Australian Open: Ashleigh Barty wins first Melbourne title by beating Danielle Collins

Australian Open 2022


Top seed Barty fought back from 5-1 down in the second set to win 6-3 7-6 (7-2) on a jubilant Rod Laver Arena.

The 25-year-old Queenslander has won the title without dropping a set in Melbourne this fortnight.

“This is a dream come true for me. I am so proud of being Aussie,” said world number one Barty.

“As an Aussie, the most important part of this tournament has been being able to share this experience with the fans.

“This crowd is one of the most fun I’ve played in front of.”

Addressing the crowd, she added: “You relaxed me and forced me to play my best tennis. Thank you.”

After winning the 2019 French Open and last year’s Wimbledon title, Barty has now claimed three of the four majors.

Relief clear for Barty and the Australian crowd

Ashleigh Barty takes Australian Open trophy
Barty will have the opportunity to win the career Grand Slam at the US Open in September

With a partisan 12,000-strong crowd and a home nation watching on, Barty started and ended the final looking unburdened by the weight of expectation.

In between, there were anxious moments as Collins, troubling Barty with her powerful returning, earned a double break in the second set.

But Barty had dropped only 21 games on her way to the final and, although the second set looked to have got away from her, she regained her composure brilliantly to turn the match back in her favour.

Among those watching was Chris O’Neil, the last Australian to win the men’s or women’s singles title in Melbourne.

Barty, rarely overcome by emotion, shouted with delight when she clinched the title with a cross-court forehand winner.

Virtually everyone inside Rod Laver Arena jumped to their feet, roaring their approval, many with camera phones in hand to capture a long-awaited moment for the nation’s sports fans.

The world number one’s relief was clear.

Barty clenched both fists as she dropped to her haunches, before running over to the side where she beckoned former doubles partner Casey Dellacqua, now a television analyst, on to court for a warm hug.

After reaching the Melbourne semi-finals in 2020, with quarter-final defeats coming in the years either side, Barty finally landed the prize she really wanted.

Victory continued her supreme form in 2022, and she has now won all 11 of her singles matches this year.

After beating three top-20 players to win the Adelaide International title, she has continued that dominance in Melbourne.

Barty, who took a break from tennis in 2014 to pursue a professional cricket career, has often paid tribute to Dellacqua’s influence on her success and the kiss on her friend’s forehead indicated her gratitude.

There was another special moment for Barty – and the home fans – when the player’s idol, Evonne Goolagong Cawley, came on to court to present her with the Daphne Akhurst trophy.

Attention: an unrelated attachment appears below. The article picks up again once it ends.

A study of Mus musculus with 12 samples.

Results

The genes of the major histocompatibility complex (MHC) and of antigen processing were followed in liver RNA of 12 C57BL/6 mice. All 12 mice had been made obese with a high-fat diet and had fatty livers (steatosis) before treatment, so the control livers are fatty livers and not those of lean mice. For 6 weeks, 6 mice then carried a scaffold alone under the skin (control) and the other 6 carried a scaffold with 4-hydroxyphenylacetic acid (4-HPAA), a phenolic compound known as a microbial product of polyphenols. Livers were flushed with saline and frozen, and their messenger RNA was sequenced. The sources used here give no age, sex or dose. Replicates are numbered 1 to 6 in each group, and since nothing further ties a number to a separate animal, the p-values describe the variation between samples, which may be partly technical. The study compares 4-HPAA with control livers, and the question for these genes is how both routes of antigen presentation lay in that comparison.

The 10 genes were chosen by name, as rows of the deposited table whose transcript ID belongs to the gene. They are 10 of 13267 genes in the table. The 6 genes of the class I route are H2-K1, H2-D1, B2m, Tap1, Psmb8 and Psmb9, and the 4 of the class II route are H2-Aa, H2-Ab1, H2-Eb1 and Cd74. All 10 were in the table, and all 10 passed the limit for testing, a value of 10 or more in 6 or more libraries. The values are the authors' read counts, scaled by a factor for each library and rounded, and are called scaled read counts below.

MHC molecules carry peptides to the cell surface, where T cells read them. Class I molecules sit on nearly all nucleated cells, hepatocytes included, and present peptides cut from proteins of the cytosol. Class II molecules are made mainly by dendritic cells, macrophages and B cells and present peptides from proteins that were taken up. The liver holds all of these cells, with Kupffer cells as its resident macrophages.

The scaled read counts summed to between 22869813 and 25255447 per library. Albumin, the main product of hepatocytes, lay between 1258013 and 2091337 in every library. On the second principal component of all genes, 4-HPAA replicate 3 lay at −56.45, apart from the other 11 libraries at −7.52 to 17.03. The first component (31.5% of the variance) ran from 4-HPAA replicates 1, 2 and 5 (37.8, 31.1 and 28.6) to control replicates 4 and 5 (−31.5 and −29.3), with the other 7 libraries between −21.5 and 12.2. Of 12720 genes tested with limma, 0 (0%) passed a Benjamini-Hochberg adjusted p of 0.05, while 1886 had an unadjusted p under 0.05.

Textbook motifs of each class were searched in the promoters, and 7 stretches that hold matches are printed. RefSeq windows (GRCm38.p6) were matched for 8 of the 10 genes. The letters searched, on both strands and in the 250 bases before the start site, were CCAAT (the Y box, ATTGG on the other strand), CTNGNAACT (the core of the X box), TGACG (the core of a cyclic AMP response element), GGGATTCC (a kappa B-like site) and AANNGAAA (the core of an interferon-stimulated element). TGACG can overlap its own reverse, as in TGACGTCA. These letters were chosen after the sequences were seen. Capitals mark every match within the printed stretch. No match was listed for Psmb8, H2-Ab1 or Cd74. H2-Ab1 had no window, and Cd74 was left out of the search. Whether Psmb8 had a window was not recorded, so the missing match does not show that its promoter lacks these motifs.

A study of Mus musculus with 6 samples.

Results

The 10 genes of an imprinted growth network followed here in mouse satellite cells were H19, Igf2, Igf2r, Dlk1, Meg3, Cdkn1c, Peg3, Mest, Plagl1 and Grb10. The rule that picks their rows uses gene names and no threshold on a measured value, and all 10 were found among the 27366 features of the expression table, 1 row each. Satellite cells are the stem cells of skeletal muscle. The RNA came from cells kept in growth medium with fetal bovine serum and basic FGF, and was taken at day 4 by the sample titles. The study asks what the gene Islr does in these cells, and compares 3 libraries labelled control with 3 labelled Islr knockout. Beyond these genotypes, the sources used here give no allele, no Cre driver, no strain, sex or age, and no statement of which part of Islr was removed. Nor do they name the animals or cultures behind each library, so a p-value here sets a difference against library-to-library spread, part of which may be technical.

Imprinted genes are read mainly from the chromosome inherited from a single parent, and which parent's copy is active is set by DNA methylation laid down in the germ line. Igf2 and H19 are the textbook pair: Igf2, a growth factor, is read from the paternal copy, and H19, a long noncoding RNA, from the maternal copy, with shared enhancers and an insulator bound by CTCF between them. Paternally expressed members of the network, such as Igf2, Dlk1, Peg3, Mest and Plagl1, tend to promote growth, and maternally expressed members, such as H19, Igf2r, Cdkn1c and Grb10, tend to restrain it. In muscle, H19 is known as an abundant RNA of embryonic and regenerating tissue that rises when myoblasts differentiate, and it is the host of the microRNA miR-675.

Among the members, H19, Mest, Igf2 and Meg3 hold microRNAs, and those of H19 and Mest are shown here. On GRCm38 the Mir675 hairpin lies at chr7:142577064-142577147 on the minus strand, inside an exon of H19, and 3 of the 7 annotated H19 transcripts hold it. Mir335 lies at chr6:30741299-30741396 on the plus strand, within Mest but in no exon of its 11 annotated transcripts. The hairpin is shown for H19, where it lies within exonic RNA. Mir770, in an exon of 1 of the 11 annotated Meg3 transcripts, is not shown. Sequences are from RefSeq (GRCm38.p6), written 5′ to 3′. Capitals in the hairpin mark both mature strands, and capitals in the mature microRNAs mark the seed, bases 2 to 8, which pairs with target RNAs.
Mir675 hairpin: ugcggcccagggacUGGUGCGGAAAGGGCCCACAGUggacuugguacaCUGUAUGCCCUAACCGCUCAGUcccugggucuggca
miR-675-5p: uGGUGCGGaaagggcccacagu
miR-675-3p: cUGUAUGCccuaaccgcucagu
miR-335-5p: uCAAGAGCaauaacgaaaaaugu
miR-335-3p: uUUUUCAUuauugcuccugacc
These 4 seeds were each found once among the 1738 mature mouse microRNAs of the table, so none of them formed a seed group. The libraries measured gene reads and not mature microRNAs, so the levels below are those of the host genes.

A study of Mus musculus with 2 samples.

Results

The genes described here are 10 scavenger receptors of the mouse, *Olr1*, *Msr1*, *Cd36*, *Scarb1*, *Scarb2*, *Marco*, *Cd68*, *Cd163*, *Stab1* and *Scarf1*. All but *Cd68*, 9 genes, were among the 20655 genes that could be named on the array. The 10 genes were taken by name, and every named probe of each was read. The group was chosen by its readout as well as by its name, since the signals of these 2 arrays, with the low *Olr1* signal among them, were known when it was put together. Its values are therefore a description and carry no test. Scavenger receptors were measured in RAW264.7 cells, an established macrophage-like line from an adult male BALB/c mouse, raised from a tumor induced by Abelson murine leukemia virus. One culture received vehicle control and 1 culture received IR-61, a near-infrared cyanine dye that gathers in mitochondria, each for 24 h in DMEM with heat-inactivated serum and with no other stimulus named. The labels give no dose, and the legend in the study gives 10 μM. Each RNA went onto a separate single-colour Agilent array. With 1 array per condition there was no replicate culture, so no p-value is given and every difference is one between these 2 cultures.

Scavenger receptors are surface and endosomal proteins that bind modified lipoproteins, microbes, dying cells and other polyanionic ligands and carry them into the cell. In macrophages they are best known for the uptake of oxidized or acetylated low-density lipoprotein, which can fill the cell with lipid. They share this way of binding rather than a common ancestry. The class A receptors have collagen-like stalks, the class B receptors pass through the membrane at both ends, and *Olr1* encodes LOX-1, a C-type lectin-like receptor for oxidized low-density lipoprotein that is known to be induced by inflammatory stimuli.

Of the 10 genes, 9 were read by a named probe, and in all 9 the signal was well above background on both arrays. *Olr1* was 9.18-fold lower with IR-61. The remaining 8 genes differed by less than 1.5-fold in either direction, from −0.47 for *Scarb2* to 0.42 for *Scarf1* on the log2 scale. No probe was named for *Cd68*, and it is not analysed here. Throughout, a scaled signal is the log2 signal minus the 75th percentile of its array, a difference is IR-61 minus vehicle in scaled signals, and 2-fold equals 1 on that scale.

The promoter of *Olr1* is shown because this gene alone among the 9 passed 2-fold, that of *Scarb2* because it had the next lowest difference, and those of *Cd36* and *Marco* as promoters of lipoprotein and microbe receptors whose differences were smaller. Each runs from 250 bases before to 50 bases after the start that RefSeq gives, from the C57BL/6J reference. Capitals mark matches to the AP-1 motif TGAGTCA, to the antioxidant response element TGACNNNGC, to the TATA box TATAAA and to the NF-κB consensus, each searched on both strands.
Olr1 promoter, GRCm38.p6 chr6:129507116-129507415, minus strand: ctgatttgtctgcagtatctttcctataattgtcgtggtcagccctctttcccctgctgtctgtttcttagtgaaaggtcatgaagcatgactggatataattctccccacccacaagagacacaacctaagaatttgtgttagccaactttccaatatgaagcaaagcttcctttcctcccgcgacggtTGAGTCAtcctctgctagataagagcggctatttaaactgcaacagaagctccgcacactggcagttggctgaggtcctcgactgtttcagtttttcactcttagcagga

Since O’Neil’s triumph in 1978, four players – Kim Warwick, Wendy Turnbull, Pat Cash and Lleyton Hewitt – had lost in the men’s or women’s singles final.

There had been home success in the wheelchair and quad events, through David Hall and Dylan Alcott, and in the doubles events.

Collins unable to spoil the Barty party

Danielle Collins
Danielle Collins will move into the world’s top 10 after reaching the Melbourne final

In her first Grand Slam final, American 27th seed Collins was aiming to spoil the Barty party.

Few, at least outside Australia, would have begrudged her claiming a major title after a difficult journey of her own.

In April, she said she was taking an indefinite break from tennis as she prepared to have surgery for endometriosis.

Collins returned to action two months later and, after surgery and helped by medication, says she is now having less painful periods and is able to train more consistently.

That resulted in a brilliant run in Melbourne, where she demonstrated her incredible power and will-to-win.

Against Barty, Collins looked to settle quickly and exploit any nerves the home favourite might be feeling.

The first break point of the match came the American’s way at 2-2 when Barty hit a loose forehand long, only for the Australian to save it with a gutsy forehand on to the line.

After holding with an ace, Barty settled down and was helped into a 4-2 lead when Collins threw in an double fault on break point.

Barty sealed the set to the sound of a rapturous crowd and, having only dropped serve once in the entire tournament, looked in a commanding position.

Collins, however, broke for a 2-0 lead in the second, leading to a passionate celebration from the American.

A double hand fist-pump squat perfectly illustrated her combative and competitive on-court personality.

The crowd started getting edgy as Collins moved 5-1 ahead and she was two points away from levelling the match at 5-3 30-0.

But Barty produced two forehand winners to unsettle her opponent and that sparked the fight-back that ended in Australian sporting immortality.